By Carolyn Angius '13Staff Writer
It’s hard to go much of anywhere around the Scripps campus or website this year without being reminded of our campus’s high ranking on the Forbes’ World’s Most Beautiful Campuses list. I don’t necessarily disagree with this ranking, and I understand the pivotal role Scripps’ beauty plays in attracting many a prospective student, myself included, but it’s impossible to ignore the ominous irony of our lush home. While beautiful it may be, it is far from environmentally or financially sustainable.
Claremont, California is a desert in disguise--receiving only 16.96 inches of rain a year, our city is drier than 41 of our nation’s states and receives less rain than over 80% of the country. If not from the sky, then, where does Scripps find the water to sustain its apparently world-renowned beauty?
I began looking into the means behind our campus’ lawns in order to answer two main questions. First and foremost, I wanted to trace our lawns back to their source and discover where our sprinkler water was actually coming from. It turns out 40% of our water is imported from Northern California, while 60% is from local wells. Secondly, I wanted to ensure the sky-high tuition so many students are required to produce isn’t directed towards what seems to be excessive and environmentally irresponsible watering. What I discovered, however, surprised me.
Many buildings and gardens on the Scripps campus were included in National Register of Historic Places in 1984, making them subject to the rules and regulations of the National Historic Preservation Act. While this is an honorable distinction that recognizes the role of the school and founder in history, it may also be hindering our campus’ ability to evolve and adapt. When I spoke with an employee in the Grounds office, they told me that the federal government compensates Scripps for the water necessary to maintain the landscaping it has deemed historically important. This money comes with a catch, though. According to Section 106 of the Act, any changes made to the historically important areas of campus must be approved in consultation with a representative from the Advisory Council on Historic Preservation. “The goal of consultation is to identify historic properties potentially affected by the undertaking, assess its effects and seek ways to avoid...any adverse effects on historic properties,” reads Section 106. The ambiguous wording of this Act leaves unclear what constitutes an adverse effect, and the government may prioritize its definition of “adverse” over Scripps’ definition.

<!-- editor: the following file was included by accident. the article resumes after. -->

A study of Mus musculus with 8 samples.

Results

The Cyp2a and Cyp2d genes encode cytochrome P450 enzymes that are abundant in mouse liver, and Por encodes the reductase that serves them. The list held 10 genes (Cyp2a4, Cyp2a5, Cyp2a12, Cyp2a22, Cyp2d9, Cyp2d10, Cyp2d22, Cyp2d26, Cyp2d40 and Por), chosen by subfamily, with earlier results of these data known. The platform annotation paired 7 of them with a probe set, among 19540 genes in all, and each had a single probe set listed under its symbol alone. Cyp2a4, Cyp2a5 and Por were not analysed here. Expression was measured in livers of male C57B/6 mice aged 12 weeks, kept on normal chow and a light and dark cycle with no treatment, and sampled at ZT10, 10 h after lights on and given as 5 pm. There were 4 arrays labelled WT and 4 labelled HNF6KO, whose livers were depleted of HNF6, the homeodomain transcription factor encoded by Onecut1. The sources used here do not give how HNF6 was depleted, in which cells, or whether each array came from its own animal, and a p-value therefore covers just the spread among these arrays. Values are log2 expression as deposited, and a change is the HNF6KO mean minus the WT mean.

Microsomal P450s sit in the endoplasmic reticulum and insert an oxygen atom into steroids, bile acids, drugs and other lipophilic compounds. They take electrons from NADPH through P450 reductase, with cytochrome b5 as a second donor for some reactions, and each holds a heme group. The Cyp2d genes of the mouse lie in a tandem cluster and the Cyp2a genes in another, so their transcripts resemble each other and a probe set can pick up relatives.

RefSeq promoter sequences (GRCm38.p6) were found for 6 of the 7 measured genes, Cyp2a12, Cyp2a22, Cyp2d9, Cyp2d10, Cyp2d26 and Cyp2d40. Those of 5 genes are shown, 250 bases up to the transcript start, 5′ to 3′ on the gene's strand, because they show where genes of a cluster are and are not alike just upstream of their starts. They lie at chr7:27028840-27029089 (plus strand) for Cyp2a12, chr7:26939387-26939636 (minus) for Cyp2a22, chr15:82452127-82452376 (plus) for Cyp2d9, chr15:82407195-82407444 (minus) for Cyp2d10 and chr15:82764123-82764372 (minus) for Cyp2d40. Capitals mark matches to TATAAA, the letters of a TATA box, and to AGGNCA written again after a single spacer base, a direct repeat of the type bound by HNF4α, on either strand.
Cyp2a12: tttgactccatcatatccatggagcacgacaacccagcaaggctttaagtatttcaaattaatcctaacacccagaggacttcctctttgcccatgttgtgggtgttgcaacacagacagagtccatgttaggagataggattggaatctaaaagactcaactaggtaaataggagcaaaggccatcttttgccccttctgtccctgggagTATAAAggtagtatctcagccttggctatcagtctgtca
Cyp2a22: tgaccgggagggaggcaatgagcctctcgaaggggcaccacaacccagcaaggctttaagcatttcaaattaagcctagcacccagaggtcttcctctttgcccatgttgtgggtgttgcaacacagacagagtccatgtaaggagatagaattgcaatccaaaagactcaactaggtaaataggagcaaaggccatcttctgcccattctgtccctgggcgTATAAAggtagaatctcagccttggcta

The constraints of the Preservation Act may be limiting the ways in which Scripps can tone down its water use. Scripps needs to transform some of the little-used grass patches into lower-impact native landscaping. I recognize the importance of grass expanses like the Jacqua Quadrangle and Bowling Green in campus life, but what about the grass lining the walkway between GJW and Kimberly? Or between the Humanities Auditorium and Wilbur? These grassy areas do little to enhance campus beauty, yet require water and care just like our more central grass installations. I know I am far from alone in my desire for more water-responsible landscaping. While I admit I may not fully understand the limitations of the Preservation Act, I have a hunch that not being accountable for its own water bills and being confined to the limits of Section 106 alleviates Scripps from its environmental responsibility to implement more sensible landscaping.